If I have learned anything in the last four years of college it is that time just keeps moving faster and faster. There were times during my college career that I wished I could just freeze in order to really figure out what my attention needed to be focused on. Looking back, I realize that there are many things I would tell myself if I could start over. To make your life more easier I have compiled a list of advice in hopes that you will figure out what I have learned sooner than I did.
1. Work with kids as much as possible- No matter what the age, race, background or situation, find a way to work with kids. During student teaching, I have been told several times that I am a very "natural" teacher and seem comfortable in front of the class- and that is because I AM comfortable. I have worked with literally every age group, and I have figured out tendencies and personalities that are common in each group. Figuring out these tendencies has tremendously helped me in being able to communicate to students.
2. Take every assignment seriously- SERIOUSLY! There have been so many instances just in the last 6 weeks where I have wished I payed attention to a certain lesson more closely, or put more work into a certain project because I could have used it while teaching. Instead, I am re-making lesson plans, or researching information to figure out what I need to know to be successful teaching.
3. Actually READ the chapter- This goes along with #2... It is a frustrating feeling when a group of teachers is talking about something that you remember reading in a text book somewhere, but you cannot figure out exactly what it is they are talking about. HINT- Education is FULL of acronyms... ARD, CALLA, ATE, NAEP to name only a FEW. When these acronyms are flying out of mouths everywhere in the school building, it's nice to know what they stand for.
4. Study for your certification tests now- Yes, in a perfect world you wouldn't have to study at all if you really read the chapters and took your assignments seriously, but I understand you are human and sometimes it's easier just to get by. It does take a load of stress off in the end if you are aware of what you should be remembering for the certification tests. OH MY how awesome would it have been to look over the test study guide sophomore year of college and be able to note information as I learned it.
5. Build your library- Start collecting children's books or young teen novels so that when you actually have a classroom, you don't have to start from scratch. Most libraries periodically have book sales where you can fill up a grocery sack full of books for around $5... FIND THOSE!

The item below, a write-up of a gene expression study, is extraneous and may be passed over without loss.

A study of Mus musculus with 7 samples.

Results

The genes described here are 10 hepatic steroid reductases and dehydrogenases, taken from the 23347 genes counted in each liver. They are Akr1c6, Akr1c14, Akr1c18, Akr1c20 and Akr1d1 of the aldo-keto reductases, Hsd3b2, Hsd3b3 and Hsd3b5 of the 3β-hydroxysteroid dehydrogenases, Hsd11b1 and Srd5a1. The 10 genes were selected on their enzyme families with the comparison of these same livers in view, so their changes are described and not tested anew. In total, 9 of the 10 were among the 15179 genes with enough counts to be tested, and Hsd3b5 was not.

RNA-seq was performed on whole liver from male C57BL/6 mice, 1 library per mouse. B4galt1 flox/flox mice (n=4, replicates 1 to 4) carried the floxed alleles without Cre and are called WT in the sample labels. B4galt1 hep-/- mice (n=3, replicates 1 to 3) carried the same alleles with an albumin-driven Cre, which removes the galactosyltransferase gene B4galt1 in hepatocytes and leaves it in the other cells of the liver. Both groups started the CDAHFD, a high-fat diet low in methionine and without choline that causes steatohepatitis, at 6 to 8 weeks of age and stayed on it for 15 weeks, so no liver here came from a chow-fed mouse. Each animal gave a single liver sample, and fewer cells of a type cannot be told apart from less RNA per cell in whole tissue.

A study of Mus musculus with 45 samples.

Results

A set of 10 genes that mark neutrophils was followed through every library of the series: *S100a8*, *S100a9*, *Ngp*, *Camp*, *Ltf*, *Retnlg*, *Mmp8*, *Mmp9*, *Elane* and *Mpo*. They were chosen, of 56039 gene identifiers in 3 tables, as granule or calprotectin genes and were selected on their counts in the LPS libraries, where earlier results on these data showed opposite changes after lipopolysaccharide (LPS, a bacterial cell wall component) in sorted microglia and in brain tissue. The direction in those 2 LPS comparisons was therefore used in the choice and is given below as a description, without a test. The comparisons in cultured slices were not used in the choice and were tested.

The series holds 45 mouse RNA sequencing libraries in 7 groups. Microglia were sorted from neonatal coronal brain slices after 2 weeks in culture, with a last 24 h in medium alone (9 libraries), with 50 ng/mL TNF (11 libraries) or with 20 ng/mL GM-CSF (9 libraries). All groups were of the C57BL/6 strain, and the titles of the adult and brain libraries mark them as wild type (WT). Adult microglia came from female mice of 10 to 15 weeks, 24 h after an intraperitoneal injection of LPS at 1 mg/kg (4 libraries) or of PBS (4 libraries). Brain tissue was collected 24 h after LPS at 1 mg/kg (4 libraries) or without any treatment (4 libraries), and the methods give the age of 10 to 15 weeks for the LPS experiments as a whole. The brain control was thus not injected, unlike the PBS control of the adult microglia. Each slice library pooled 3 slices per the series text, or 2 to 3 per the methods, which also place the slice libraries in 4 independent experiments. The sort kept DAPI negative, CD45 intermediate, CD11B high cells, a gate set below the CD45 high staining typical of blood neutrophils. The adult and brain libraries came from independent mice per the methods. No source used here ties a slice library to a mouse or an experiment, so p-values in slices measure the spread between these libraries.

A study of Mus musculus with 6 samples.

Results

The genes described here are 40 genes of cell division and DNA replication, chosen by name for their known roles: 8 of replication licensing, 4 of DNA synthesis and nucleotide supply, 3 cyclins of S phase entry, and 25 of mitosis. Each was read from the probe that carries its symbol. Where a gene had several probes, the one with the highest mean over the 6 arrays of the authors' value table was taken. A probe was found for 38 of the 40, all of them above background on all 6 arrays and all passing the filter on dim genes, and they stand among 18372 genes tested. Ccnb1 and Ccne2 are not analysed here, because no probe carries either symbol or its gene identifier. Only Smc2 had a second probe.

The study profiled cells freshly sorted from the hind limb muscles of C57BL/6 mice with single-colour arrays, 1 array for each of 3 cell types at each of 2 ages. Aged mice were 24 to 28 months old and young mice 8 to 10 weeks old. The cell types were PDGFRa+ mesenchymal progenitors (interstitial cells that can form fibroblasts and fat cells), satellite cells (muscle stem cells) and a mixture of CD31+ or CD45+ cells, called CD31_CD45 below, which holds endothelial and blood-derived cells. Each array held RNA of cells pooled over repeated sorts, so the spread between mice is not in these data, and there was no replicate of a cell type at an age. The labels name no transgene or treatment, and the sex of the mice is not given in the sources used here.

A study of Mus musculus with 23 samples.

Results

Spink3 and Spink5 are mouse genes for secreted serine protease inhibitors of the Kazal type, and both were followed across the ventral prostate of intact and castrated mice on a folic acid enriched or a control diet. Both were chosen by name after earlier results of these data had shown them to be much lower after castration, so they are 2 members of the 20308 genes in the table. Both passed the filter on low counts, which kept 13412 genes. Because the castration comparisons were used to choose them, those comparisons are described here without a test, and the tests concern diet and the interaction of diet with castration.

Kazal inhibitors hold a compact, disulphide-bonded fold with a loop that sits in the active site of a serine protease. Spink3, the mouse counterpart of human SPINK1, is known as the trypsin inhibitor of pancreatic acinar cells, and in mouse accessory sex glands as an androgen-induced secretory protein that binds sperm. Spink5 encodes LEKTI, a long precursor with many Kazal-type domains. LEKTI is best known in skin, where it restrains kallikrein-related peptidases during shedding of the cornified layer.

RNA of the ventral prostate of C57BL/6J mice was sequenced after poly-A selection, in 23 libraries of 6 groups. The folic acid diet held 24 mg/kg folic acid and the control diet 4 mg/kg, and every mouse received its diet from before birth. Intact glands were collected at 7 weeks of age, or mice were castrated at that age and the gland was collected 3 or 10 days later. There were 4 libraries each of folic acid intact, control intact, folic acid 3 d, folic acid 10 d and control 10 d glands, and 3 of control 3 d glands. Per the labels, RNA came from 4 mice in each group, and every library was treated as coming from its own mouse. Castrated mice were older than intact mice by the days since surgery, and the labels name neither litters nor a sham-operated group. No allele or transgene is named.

6. Volunteer, Volunteer, Volunteer!- I cannot stress this enough! I constantly rave about how fortunate I am to be in the student teaching situation that I am in... and this situation unfolded due to the fact that I voluntarily worked in this amazing elementary school on my days off from class. I gained real world experience when others were simply learning from text. The willingness to give your time volunteering is a BIG indicator of what kind of teacher you will be. Teachers are constantly asked for their time and when you show that you are willing to give your time, you are making yourself a more marketable candidate for hire.
7. Make friends with EVERYONE- It is important to have support from everywhere when you teach. Having people on your side-from the janitor, to the vice principal and everyone in between- is a very great way to have a successful and enjoyable career. Start making friends NOW by volunteering and through student teaching. It is important to have a good reputation and making friends is a good way to get one.
8. Become passionate about SOMETHING- This is incredibly important! It is extremely easy to get bogged down with everything that is required from you as an education major, but having something to drive you will help you stay on track to meet your ultimate goal. Whether you want to see change in education through the use of music or technology, or you want to be a support system for English language learners, whatever it is, find something that you stand for. A willingness to make a difference is the only motivation you need to keep you excited about your chance to teach in the near future.
9. Think about the future- I wish I could shout this from the rooftops. PLAN AHEAD! I was able to graduate in 4 years- but this is quickly becoming an unusual occurrence for college students. My classes were filled with 5th and 6th year seniors, and it wasn't because they were lazy or unintelligent, it was mainly due to planning issues. I was able to take summer classes and pack my semesters in order to graduate in 4 years, but I would advise that you look ahead at your degree plan and decide when you need to take certain classes and what you need to do in order to be successful. I have always been geared to think of the future, and it has really helped me in having every form filled out, every assignment done and every deadline met in time to have a life as well! Planning is essential and a conscious mind for what is coming will make the difference between 4 years in college and years worth of wasted time and money.
I'm just an Elementary Nerd sharing my excitement for the classroom!